Making sure disaster responses meet women’s rights in Timor-Leste


Author: Kanami Chiba

Photo: UN Women/Kanami Chiba
Flavio dos Santos Mendes, 53, has been the operational commander of the Civil Protection Authority in the municipality of Covalima since July 29, 2022. Photo: UN Women/Kanami Chiba

Frontline responders in Timor-Leste have been undergoing training on the specific requirements of vulnerable groups during disasters. With a lack of women’s leadership in disaster risk management, the country’s response to previous disasters has tended to neglect.

The two-day training sessions have been held since 2022 in partnership between UN Women Timor-Leste and the Civil Protection Authority under the Ministry of Interior. The Gender-Responsive Disaster Risk Reduction training for the frontline responders is conducted on the 17th and 18th of November 2022 to build capacity in actioning, raise awareness, and provide ad-hoc consideration of how vulnerable groups have specific needs in disasters.

“With limited knowledge, we tend to ignore the specific need of vulnerable groups in times of disaster”, said participant Commander Flavio dos Santos, the operational commander of the Civil Protection Authority in the southwestern municipality of Covalima. “Women’s voices shouldn’t be ignored, and all the evacuation centers must not become breeding grounds for gender-based violence. This is exactly the time for a change.”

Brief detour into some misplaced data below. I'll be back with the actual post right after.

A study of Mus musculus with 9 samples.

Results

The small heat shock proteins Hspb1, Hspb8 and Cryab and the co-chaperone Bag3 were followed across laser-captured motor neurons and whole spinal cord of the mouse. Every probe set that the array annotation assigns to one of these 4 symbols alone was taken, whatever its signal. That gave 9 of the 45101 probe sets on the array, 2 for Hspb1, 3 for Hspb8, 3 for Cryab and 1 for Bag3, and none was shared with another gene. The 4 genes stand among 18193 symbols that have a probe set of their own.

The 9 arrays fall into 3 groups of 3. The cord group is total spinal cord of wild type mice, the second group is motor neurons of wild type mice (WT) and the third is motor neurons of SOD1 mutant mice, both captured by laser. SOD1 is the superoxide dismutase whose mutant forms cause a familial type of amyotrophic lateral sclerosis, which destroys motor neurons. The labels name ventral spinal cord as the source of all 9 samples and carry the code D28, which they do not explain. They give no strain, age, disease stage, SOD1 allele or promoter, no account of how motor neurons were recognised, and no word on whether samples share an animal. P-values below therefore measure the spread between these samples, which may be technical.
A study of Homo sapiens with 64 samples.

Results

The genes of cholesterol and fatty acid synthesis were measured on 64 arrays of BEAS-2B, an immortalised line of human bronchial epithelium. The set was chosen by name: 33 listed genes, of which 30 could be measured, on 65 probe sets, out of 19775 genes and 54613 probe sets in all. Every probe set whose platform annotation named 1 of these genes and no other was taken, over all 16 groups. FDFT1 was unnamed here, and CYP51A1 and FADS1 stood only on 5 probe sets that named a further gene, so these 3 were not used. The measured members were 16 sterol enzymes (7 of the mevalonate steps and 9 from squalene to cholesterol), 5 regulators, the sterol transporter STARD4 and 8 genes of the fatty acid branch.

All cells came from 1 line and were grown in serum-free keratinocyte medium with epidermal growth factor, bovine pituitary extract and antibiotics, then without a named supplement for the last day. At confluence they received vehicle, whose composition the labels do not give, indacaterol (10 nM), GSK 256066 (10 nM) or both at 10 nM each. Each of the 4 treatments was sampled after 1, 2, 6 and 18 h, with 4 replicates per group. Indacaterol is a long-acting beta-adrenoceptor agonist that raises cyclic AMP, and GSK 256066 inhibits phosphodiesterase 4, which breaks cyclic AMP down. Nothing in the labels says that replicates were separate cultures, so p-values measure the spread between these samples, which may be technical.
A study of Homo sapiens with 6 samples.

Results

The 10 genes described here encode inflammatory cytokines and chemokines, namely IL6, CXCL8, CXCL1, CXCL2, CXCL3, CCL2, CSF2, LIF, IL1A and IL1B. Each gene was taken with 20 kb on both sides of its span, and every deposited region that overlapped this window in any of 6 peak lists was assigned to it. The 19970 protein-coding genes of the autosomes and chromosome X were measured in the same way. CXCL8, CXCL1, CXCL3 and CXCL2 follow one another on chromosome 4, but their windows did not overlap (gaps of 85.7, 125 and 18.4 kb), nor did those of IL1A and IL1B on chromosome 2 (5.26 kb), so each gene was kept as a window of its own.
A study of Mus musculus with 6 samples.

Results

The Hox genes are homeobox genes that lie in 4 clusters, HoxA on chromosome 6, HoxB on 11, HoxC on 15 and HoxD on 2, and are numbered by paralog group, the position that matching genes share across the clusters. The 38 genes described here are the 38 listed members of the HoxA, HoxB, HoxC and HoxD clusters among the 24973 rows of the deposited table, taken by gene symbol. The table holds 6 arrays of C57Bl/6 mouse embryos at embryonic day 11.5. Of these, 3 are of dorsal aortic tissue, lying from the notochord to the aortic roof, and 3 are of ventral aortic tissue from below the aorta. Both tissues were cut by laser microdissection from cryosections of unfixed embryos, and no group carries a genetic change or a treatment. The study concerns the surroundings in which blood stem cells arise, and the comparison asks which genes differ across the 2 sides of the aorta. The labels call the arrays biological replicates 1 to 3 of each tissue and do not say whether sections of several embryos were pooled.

The shortcomings of the country’s disaster response, including conditions in the emergency shelters, were highlighted in the wake of the widespread flooding in April 2021. The lack of consideration for vulnerable groups in Timor-Leste’s emergency shelters has been documented. Testimonies and reports indicate that the 2021 floods placed already vulnerable groups at further risk of gender-based violence. Most evacuation centers housed women and children and had few or no measures to mitigate such risks, while most men stayed at the family property to protect it.

In the aftermath of the April 2021 floods, the UN reported that particular groups, such as women, children, persons with disabilities, the elderly, and others, experienced an exacerbated impact due to existing vulnerabilities such as gender inequality, high prevalence of violence against women and children, and stigmas towards certain vulnerable groups. However, in Timor-Leste’s 2021 post-disaster needs assessment, the Gender and Social Inclusion sub-sectors are the only ones yet to be measured. Disaster responses and recovery efforts in the future will remain unable to address the specific needs of all if they are not made gender-responsive and inclusive.

“We have left so many people insecure until now,” Commander Flavio adds. “Let’s listen to local input and continue learning. I believe a change in one person’s heart can make a big difference."

Flavio is one of the frontline responders in times of disaster. Thanks to his continuous engagement with the UN Women’s Gender Responsive and Inclusive Disaster Risk Reduction training, he is set to influence on-site decisions to make sure disaster responses are gender-responsive and inclusive of vulnerable groups including women and girls, ensuring their voices are heard and specific needs responded to.